It'll be hard to clean up if there's an oil spill in Arctic waters: Concerns voiced about ability to handle spills in ice (Dan Joling, Anchorage Daily News, April 12). The photo above shows a 2000 oil spill response exercise in Alaska's Beaufort Sea.
The last time federal and state regulators evaluated an oil spill drill in broken ice off Alaska's coast, the results were not promising.
When ice covered more than 30 percent of the water, the mechanical recovery system became overwhelmed and collapsed, evaluators said of tests conducted by BP Exploration in the Beaufort Sea in 2000.
In less than 30 percent ice, skimmers lifted oil from the water -- as long as tug boats ran interference, pushing away all but 10 percent of the ice....
Leslie Pearson, the state of Alaska's director of spill prevention and response, describes a cleanup in ice as "complex."
The remote location of the Chukchi Sea, a body of water shared with Russia, the lack of nearby infrastructure, the strong currents and a host of unknowns would add to the complexity....
Getting to a spill quickly is key, she said. After 72 hours, as oil emulsifies, burning and dispersants fall out of the cleanup equation, she said.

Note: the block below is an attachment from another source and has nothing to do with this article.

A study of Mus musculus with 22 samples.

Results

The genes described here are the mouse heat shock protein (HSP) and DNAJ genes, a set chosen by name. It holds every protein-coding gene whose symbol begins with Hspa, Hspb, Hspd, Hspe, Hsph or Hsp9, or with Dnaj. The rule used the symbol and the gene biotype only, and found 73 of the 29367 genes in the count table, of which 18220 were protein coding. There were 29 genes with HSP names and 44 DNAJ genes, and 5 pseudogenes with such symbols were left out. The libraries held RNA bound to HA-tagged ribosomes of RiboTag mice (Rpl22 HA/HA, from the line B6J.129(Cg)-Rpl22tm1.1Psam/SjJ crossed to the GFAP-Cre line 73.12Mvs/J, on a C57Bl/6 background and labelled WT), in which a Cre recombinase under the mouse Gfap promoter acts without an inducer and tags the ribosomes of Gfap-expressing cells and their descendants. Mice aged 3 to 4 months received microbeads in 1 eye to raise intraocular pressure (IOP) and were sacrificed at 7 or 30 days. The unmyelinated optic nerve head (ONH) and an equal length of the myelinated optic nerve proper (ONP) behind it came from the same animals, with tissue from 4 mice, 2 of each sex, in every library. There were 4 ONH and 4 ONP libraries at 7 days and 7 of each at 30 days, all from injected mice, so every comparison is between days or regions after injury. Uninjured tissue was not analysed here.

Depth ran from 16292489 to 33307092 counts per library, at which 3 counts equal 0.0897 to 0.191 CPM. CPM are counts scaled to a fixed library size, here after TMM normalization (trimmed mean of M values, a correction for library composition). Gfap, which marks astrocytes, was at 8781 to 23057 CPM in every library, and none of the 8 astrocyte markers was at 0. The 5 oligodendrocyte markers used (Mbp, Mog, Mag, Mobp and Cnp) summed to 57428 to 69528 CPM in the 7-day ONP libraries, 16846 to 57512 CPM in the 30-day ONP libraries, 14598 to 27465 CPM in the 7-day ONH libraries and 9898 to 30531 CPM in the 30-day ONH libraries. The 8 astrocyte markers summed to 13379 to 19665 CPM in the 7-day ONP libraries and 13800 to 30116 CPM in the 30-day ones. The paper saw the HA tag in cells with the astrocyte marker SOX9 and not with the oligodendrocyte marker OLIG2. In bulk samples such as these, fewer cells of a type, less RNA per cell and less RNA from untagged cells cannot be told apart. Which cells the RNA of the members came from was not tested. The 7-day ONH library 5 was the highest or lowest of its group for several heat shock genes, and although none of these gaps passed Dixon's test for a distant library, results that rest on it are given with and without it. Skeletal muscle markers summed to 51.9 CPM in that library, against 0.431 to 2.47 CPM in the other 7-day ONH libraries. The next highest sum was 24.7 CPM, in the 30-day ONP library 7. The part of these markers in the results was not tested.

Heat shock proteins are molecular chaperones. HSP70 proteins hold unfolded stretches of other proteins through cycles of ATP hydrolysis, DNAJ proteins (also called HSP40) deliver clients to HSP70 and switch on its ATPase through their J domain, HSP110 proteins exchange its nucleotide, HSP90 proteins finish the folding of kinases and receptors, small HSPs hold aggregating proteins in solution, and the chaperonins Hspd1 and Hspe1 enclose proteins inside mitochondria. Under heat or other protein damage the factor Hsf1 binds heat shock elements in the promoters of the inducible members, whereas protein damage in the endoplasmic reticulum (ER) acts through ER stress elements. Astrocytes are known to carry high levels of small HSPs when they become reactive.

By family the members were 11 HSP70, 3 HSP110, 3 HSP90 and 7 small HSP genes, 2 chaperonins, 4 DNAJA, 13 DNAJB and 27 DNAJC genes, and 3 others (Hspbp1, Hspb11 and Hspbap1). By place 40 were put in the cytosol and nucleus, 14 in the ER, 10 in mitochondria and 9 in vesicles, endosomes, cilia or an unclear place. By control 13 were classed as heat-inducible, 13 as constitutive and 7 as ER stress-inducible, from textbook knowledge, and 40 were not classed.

Some skimming devices have shown themselves to be effective in broken ice, she said. But as they operate in freezing conditions, ice buildup can reduce their ability to recover oil. Navigating through ice floes would be a challenge. If a spill is beneath ice, responders would have to find it and track it.
Procedures have been changed in response to the 2000 exercise:
Ron Morris, general manager of Alaska Clean Seas, an industry cooperative that would respond to a Beaufort spill, said response techniques changed in response to the 2000 report.
Responders added ice management vessels and tactics that included barge, boat and crane combinations to remove pockets of oil trapped by ice floes....
Photo is from the Alaska Department of Environmental Conservation via AP and the Joling story.